My latest book is The One Who Swam With The Fishes.
"A mesmerizing account of the well-known story of Matsyagandha ... and her transformation from fisherman’s daughter to Satyavati, Santanu’s royal consort and the Mother/Progenitor of the Kuru clan." - Hindustan Times
"Themes of fate, morality and power overlay a subtle and essential feminism to make this lyrical book a must-read. If this is Madhavan’s first book in the Girls from the Mahabharata series, there is much to look forward to in the months to come." - Open Magazine
"A gleeful dollop of Blytonian magic ... Reddy Madhavan is also able to tackle some fairly sensitive subjects such as identity, the love of and karmic ties with parents, adoption, the first sexual encounter, loneliness, and my favourite, feminist rage." - Scroll
The One In Which I Have Nothing To Say (so I strongly recommend, no URGE, you to read something else for a bit)
Do you ever wish you were an heiress? (Or an heir, whichever one is applicable.) (Incidentally is it an heir or a heir?) I know I do. I wish I was Paris Hilton—well, not her precisely, I wouldn’t want her life—but I wish I had lots and lots of money and I didn’t have to work for it. I wish I could, if I chose, take off somewhere exotic, like, oh, Bali. And sit on the beach with my Givenchy shades and my YSL bikini and my Loius Vuitton tote bag and watch the waves. I wish I could spend my days waking up lazily at noon, ringing the bell for the first of a series of maids to come in and bring me a cup of coffee. And not just any coffee either. It would be cappuccino, finely whipped, so the foam would come off on my upper lip. Then I’d call my rich friends, and get into my car (depending on my mood, it would be either that big fancy SUV type car that everyone seems to have, or a little zippy one) and go somewhere posh for lunch. Like 360. Where we would eat sushi with chopsticks, because we’d know how to use them without getting the sauce all over our chins or dropping the damn things a hundred times because they’re too slippery. Mmmm.. sushi. And we’d be all shiny haired and clear skinned, and things like weather would never bother us at all—because really, we’d only have one kind of weather—air conditioning.
Then, perhaps, I’d go home, and slip into my soundproof studio—with a Bose system and ocean blue wall-to-wall carpeting, the kind that sinks under your toes when you walk across it, and I’d curl up on the couch and pull my laptop up to me and write all day—pausing every now and then for refreshments. And I wouldn’t need to do anything else—because I would be an heiress, so I could exhaust whatever creative spurt I had and then go shopping to like Mango.
And because I was an heiress, I’d buy me something exciting to blog about. A weekend abroad, perhaps. And you would gasp, and say oh my, what a fascinating life you lead. And I would be all modest and say, it’s not so much really. And because I was an heiress, I’d buy me some love—because the Beatles were wrong and money can so buy you love---and he would be all pretty and kind and supersmart and he’d sharpen my pencils and bring me coffee and talk over story ideas with me and when we got married, he’d take care of the kids while I worked. And sure, people would whisper that he only married me for my money, but we would hold hands everywhere we went and we’d have private jokes and five dogs and I wouldn’t care even if he did marry me for my money, because he’d be like the employee of the year. Of the century, even.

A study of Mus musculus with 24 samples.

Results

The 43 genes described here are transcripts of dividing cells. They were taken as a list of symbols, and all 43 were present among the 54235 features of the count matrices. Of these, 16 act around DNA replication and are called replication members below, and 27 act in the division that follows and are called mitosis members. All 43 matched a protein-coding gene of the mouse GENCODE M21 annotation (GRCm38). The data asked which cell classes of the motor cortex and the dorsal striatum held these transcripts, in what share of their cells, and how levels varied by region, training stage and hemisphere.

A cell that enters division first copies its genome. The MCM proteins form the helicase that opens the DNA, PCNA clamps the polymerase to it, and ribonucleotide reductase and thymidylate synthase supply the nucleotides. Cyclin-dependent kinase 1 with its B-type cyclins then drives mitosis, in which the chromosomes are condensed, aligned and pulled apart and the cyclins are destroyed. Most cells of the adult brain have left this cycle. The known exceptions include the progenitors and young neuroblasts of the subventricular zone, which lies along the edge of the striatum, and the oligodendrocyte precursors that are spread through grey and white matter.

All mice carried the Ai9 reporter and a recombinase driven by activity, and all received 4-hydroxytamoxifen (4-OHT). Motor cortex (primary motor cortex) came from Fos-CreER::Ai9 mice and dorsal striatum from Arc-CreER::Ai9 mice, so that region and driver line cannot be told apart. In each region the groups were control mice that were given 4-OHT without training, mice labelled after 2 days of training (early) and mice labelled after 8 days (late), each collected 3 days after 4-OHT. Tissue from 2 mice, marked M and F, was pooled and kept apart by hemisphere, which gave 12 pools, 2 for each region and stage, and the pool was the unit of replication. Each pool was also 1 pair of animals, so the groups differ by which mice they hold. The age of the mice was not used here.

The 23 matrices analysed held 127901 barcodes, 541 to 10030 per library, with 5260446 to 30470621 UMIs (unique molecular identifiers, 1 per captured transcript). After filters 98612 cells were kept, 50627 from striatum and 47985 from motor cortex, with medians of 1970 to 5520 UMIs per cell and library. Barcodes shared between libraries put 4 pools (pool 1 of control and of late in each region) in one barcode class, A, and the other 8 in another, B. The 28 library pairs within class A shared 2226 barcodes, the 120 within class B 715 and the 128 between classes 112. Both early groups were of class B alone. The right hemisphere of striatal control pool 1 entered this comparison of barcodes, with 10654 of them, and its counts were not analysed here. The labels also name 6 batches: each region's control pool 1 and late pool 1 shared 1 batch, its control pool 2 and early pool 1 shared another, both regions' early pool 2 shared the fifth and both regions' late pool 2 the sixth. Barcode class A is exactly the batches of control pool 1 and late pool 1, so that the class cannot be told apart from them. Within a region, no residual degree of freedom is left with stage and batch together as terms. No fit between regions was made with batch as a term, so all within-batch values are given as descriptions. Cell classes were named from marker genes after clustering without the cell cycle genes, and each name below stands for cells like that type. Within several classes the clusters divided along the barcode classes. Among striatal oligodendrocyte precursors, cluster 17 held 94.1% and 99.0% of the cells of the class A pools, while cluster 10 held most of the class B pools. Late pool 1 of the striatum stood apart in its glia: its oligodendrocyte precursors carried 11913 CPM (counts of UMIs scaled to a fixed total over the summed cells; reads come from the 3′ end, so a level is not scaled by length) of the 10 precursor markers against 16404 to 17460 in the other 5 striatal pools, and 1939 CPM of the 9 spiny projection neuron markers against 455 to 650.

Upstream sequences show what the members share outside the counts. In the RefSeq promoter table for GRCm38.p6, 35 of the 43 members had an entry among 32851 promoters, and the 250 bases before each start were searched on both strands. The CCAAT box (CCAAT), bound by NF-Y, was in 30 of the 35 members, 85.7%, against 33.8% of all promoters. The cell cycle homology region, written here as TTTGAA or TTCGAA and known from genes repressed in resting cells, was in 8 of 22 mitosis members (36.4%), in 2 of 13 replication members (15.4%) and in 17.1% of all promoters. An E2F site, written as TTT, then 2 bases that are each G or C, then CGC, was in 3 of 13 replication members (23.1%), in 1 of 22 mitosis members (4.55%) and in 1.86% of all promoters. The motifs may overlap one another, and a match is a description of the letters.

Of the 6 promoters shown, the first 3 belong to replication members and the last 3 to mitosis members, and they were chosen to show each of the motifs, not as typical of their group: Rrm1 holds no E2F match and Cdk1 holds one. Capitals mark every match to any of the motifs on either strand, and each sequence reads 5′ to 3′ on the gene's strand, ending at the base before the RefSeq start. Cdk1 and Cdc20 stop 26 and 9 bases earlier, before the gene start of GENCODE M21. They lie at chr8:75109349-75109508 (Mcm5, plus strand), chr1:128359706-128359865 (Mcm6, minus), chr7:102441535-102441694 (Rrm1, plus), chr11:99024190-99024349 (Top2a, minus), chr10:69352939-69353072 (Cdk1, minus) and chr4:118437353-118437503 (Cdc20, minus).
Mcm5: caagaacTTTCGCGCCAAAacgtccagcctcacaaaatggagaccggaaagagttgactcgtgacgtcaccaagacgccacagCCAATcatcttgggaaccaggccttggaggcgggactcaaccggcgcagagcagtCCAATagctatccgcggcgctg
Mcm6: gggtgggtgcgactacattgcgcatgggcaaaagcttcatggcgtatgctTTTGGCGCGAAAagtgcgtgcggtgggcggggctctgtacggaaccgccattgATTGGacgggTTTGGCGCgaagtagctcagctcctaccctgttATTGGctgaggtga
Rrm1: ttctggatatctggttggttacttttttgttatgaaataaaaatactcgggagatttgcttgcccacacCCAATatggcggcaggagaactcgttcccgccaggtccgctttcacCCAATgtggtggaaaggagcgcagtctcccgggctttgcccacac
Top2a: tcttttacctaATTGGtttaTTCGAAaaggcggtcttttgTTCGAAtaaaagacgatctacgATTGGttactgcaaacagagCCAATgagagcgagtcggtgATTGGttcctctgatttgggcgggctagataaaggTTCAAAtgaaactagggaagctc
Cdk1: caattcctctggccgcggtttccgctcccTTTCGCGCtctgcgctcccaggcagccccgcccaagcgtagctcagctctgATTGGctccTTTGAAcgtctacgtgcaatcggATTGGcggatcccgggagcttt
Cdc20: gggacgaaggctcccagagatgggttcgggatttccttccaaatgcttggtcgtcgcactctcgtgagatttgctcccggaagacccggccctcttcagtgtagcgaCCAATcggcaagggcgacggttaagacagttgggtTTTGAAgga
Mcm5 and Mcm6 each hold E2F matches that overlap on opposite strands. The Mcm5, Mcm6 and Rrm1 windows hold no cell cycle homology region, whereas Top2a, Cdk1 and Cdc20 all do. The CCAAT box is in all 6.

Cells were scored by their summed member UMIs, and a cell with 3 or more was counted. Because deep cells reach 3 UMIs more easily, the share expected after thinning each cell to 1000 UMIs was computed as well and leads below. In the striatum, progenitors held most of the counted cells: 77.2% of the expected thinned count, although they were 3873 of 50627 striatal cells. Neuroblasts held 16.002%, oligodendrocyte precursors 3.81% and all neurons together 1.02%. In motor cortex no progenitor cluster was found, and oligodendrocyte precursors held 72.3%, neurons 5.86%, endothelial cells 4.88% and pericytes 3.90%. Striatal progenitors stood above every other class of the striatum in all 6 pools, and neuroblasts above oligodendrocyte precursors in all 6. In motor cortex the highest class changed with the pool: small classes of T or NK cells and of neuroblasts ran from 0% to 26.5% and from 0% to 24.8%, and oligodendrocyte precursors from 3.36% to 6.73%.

But I’m not an heiress. I’m not even close to being an heiress. And my weekend consisted of being fairly sober this time, at birthday parties, and going shopping to Sarojini Nagar—where I picked up some excellent clothes. And some of them actually had Mango tags on them. So there. But I am whisking myself off for exotic holiday. Well, not quite so exotic, and not quite a holiday either. More like an, um, weekend break. To Bombay. Because I’m bored out of my skull, because suddenly Delhi, this city I love so much is acting like a big fat pain in the ass, and I think a little distance would do us both some good. So it is to Bombay I go—to spend time with the beloved Pieces and perhaps help her move house (read: stand around and offer suggestions). But because I’m not an heiress, I can’t just drive by to the airport all packed and leave and I need to do all sorts of things like book tickets in advance and seeing as I’m not an heiress, again, I don’t even own a credit card, so I need to go by the office of the airlines and pick up my tickets in person and oh, being an heiress would make my life so much simpler. I need to wait two weeks now, in anticipation of Party Expedition type weekend, just getting out of Delhi would be fun, even if I only was going to Chandigarh and I wouldn’t go to Chandigarh because they wouldn’t let me smoke. If I had company, maybe I’d go to the hills, but my friends feel differently about weekend breaks, and they don’t quite need the weekend break. I haven’t had a holiday in forever, not since May, not since Egypt and May seems so far away, like it belongs in another lifetime.
Sure, I’ll be very, very broke when I return (because why? Because I’m not an heiress) but that’s okay, right? Tickets to Bombay: 5,500 rupees, money spent in Bombay: 3,000 rupees (okay, I’m reaching here, I realize); an impulse-filled weekend vacation: priceless. Tra-la-la, if only I had a MasterCard.
ps: Pieces will probably be superbusy, so if you're in Bombay and you're free, totally email me and we'll hang out and get shitfaced somewhere nice or something. Go on, do, you know you want to.